We all want to have successful businesses and projects. To do this, good practice dictates that we start by setting SMART goals. This is an absolutely sensible approach for life in general but what if we look at things a bit differently? It is as, if not more, important to focus on getting good systems of processes in place to get things done i.e. Lean Doing.
Hypothetically, if one completely ignored the goals and focused only on the system of processes, would one still get results?
If you are a business owner, your goal is to build a million pound business and your system to do so is your marketing and delivery process. If you ignored your goal (not, not have one) and focused on what your team does to sell and deliver, would you still get results? I believe you would.
This concept is similar to keeping a diary and realising after a few eventful years of your life that you have enough for a bestselling book. This is without setting out to write a book, which will have been a totally different journey. Your sole focus was on diary entries each day, every day and not a book in the end. Just thinking about the amounts required to fill a book will stress one out even before one has begun.
Sometimes, goals can be counteractive to longer-term advancement. When all of your hard work is focused on a particular goal, what is left to push you forward after you achieve it…or not achieve? Set even higher and tougher goals, when achievements has been attained or try harder, if not achieved. This contributes to huge motivational issues and the type of cycle that makes it difficult to further pursue progress for the long-term. This is a huge factor in many failed “initiatives”. Stopping the need for immediate results helps. Sometimes it is not about hitting a specific number but more about sticking to the process, a longer-term approach.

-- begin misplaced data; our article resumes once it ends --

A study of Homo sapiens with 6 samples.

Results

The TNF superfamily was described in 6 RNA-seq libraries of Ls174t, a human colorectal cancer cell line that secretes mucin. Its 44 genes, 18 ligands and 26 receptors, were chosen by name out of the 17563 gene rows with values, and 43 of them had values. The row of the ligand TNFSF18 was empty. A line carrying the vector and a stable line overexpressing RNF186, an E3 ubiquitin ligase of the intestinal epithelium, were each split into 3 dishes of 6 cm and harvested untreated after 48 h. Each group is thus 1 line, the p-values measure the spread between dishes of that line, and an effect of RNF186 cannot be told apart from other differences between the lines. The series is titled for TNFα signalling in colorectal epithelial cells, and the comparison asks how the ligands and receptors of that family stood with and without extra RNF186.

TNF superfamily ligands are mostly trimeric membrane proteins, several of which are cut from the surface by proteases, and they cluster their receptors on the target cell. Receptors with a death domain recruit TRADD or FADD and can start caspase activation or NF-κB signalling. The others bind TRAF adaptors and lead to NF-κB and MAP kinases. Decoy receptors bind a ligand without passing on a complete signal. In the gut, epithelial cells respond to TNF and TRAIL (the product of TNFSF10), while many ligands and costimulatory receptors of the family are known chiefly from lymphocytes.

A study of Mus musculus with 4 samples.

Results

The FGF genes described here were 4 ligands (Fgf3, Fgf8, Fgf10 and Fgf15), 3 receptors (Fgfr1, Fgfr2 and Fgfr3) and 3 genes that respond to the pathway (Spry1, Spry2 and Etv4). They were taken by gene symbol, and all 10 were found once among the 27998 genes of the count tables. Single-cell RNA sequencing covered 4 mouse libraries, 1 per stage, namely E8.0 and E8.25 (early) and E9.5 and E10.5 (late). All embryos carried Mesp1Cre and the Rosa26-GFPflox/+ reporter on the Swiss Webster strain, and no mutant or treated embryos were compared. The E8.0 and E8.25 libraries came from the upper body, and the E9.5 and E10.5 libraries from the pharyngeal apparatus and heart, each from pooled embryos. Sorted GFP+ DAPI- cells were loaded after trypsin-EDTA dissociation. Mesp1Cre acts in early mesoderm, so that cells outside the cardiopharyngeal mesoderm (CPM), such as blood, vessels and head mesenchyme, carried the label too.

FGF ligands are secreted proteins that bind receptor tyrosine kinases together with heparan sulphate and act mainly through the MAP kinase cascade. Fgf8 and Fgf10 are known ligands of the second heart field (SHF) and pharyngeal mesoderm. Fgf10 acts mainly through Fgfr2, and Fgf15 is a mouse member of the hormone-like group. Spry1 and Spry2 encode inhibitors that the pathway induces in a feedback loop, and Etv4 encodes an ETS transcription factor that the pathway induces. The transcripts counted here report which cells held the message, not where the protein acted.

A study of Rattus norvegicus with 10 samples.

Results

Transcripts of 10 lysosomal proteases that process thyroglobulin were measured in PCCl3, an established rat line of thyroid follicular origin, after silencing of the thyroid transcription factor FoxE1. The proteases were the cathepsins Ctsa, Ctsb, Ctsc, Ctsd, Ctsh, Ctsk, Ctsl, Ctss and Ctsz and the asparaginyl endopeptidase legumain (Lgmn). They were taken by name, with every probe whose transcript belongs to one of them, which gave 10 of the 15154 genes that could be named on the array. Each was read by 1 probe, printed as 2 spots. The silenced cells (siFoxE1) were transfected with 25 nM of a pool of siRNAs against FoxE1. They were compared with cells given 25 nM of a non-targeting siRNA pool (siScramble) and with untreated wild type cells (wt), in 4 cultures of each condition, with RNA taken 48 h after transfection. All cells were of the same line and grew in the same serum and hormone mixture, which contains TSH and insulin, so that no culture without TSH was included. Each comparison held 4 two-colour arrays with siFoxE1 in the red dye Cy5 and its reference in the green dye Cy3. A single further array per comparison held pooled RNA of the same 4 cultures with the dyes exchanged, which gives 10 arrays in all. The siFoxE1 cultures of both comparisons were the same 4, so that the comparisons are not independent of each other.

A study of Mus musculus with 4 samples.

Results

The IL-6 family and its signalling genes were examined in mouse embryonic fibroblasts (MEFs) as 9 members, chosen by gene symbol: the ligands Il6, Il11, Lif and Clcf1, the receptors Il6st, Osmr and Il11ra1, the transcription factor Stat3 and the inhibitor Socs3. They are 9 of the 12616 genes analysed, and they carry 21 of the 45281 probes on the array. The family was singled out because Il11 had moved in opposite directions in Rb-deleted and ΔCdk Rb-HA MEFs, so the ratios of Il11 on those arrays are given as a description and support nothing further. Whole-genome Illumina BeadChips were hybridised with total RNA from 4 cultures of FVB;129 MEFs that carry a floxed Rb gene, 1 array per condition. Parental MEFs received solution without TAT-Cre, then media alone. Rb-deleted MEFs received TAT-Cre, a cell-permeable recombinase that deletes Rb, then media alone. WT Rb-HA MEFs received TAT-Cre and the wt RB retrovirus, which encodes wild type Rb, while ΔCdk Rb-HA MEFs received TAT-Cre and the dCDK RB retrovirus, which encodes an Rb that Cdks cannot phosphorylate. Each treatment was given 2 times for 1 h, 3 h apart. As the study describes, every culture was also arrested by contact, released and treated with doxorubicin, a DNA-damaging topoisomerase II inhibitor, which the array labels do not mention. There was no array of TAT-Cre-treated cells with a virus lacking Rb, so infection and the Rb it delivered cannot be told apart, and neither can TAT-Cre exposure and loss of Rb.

So, instead of just focusing on delivering the project on time and on budget, one concentrates on Lean Doing; putting things in place to deliver a good project e.g. strict adherence to look-aheads, weekly planning sessions, up-to-date procurement programmes in line with build sequences etc., and more often then not will one deliver on time with goal attainment to follow.
Goals are good for formation of progress but commitment to a good system of processes is good for actually making progress.
Goals can provide direction and goad you forward within a short time frame, but eventually a well-designed system of processes will always prevail. Having this system is vital and commitment to its processes is what will make the difference. Discipline and continuous improvement is the name of the game.